Denver, Colo., May 11, 2023 / 13:10 pm (CNA).
In his message for the 109th World Day of Migrants and Refugees, released May 11, Pope Francis recognized the migratory flows of our times as “the expression of a complex and varied phenomenon” that requires analysis of the different stages, including the departure, arrival, and the possibility of returning to one’s homeland.
The Church observes the World Day of Migrants and Refugees on the last Sunday of September, which this year falls on Sept. 24. This year’s theme is “Free to choose whether to migrate or to stay.”
Pope Francis pointed out that the Holy Family’s flight into Egypt was not a free decision. This is the case with many migrants. He added that persecutions, wars, atmospheric phenomena, and extreme poverty are some of the main causes of forced migrations today.
“Conflicts, natural disasters, or more simply the impossibility of living a dignified and prosperous life in one’s native land is forcing millions of persons to leave,” he said.
“Eliminating these causes and thus putting an end to forced migration calls for shared commitment on the part of all, in accordance with the responsibilities of each,” he expressed. “This commitment begins with asking what we can do, but also what we need to stop doing. We need to make every effort to halt the arms race, economic colonialism, the plundering of other people’s resources, and the devastation of our common home.”
In order to make migration a truly free choice, “efforts must be made to ensure to everyone an equal share in the common good, respect for his or her fundamental rights, and access to an integral human development,” the pope emphasized.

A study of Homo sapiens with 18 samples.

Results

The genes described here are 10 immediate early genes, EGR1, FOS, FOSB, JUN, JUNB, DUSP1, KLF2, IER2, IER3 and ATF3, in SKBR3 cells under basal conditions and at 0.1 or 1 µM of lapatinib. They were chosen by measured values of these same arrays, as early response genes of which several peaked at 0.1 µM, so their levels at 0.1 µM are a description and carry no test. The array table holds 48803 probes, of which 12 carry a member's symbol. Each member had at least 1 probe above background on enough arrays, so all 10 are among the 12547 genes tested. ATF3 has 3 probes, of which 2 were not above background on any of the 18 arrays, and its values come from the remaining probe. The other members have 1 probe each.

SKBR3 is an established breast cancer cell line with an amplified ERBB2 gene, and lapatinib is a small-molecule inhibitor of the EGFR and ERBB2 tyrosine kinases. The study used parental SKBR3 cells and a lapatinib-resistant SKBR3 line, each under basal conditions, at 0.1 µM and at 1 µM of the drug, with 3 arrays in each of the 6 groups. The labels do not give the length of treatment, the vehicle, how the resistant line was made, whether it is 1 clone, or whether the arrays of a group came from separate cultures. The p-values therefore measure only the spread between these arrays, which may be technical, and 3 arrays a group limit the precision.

He encouraged countries and the international community to work together to ensure that all people “enjoy the right not to be forced to emigrate” and are able to live in peace within one’s own country.
“This right has yet to be codified, but it is one of fundamental importance, and its protection must be seen as a shared responsibility on the part of all states with respect to a common good that transcends national borders,” Pope Francis added.
“Indeed, since the world’s resources are not unlimited, the development of the economically poorer countries depends on the capacity for sharing that we can manage to generate among all countries. Until this right is guaranteed — and here we are speaking of a long process — many people will still have to emigrate in order to seek a better life.”
Pope Francis reminded the faithful to not only see a migrant as a “brother or sister in difficulty but Christ himself, who knocks at our door” and to “show maximum respect for the dignity of each migrant” by building bridges and not walls.
“In whatever place we decide to build our future, in the country of our birth or elsewhere, the important thing is that there always be a community ready to welcome, protect, promote, and integrate everyone, without distinctions and without excluding anyone,” he said.
The Holy Father ended with a prayer:
God, Father almighty,
grant us the grace to work tirelessly
for justice, solidarity, and peace,
so that all your children may enjoy
the freedom to choose whether to migrate or to stay.
Grant us the courage to denounce
all the horrors of our world
and to combat every injustice
that mars the beauty of your children
and the harmony of our common home.
Sustain us by the power of your Spirit,
so that we can reflect your tender love
to every migrant whom you place in our path,
and to spread in hearts and in every situation
the culture of encounter and of care.